Friday, April 24, 2009

The reality of unemployment

One of the products of the recent economic downturn is an increase in "unemployment." At least once a month we get new unemployment figures and collectively wring our hands over the increase. News reporters and magazine writers give us interviews with the recently unemployed and how they are coping with their "unemployment." I submit that we do not have a consistent concept of the components of the unemployment statistics and have no consistent idea or definition of what it means to be unemployed.

Usually, the person interviewed as recently losing their job, is cited as having worked for the same company or in the same type of business for a long period of time. What is ignored in the news accounts is the underlying problem associated with employment in the best of times. The graph above, from the Bureau of Labor Statistics demonstrates the problem. The bottom line of the graph is 4% unemployment. In other words, 4% of the population is always unemployed.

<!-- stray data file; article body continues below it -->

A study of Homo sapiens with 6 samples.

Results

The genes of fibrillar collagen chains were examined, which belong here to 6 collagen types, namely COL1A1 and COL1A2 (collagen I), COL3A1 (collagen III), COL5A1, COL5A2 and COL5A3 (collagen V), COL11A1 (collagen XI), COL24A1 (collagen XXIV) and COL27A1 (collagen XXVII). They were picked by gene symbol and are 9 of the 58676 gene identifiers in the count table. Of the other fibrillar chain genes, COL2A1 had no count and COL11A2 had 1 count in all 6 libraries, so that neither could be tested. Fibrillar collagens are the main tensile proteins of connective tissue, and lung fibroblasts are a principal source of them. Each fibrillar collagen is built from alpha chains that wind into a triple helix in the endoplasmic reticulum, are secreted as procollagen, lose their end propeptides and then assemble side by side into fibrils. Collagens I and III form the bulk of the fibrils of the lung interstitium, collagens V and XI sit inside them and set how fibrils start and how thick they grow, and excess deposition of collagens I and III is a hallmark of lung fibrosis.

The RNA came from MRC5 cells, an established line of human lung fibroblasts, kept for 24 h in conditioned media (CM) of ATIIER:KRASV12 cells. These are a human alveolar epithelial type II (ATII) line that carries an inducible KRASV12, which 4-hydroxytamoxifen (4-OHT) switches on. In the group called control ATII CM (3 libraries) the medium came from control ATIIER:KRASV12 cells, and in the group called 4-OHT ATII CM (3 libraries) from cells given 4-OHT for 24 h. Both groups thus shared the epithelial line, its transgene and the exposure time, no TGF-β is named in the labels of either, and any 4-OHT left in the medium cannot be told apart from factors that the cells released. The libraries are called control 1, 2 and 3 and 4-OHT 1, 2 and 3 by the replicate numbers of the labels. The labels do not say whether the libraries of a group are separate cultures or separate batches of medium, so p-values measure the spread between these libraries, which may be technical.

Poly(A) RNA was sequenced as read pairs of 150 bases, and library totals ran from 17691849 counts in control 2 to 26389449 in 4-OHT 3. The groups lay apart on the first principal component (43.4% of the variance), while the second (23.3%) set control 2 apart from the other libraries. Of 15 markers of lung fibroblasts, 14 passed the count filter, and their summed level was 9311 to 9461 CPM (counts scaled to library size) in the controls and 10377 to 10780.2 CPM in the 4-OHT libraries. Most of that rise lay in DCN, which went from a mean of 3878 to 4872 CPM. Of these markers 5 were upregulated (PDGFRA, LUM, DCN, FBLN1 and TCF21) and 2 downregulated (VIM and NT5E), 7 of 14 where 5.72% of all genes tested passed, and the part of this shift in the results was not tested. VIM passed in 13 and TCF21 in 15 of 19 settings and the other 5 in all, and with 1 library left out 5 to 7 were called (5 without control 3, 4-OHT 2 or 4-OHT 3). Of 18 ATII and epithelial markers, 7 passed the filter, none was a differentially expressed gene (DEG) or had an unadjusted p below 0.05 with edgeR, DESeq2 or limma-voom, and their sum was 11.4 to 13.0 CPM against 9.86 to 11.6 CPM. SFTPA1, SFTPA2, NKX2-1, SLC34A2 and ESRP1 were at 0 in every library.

In most cases, the newly unemployed are just joining those who lost their jobs during even boom times. The present unemployment rate is about 2% higher than the jobless rate in 2003. The actual unemployment rate topped out at 6.3% in 2003 and the last figure for March, 2009 was 8.5% a difference of 2.2%.

Why this observation? Losing your job is a fact of life in America today. If you do not prepare for the event, you will suffer. The time to think about upgrading your job skills is right now. Go to school. Learn a new trade. Take an on-line class. Do yourself and your family a favor, don't wait for the pink slip, retool right now.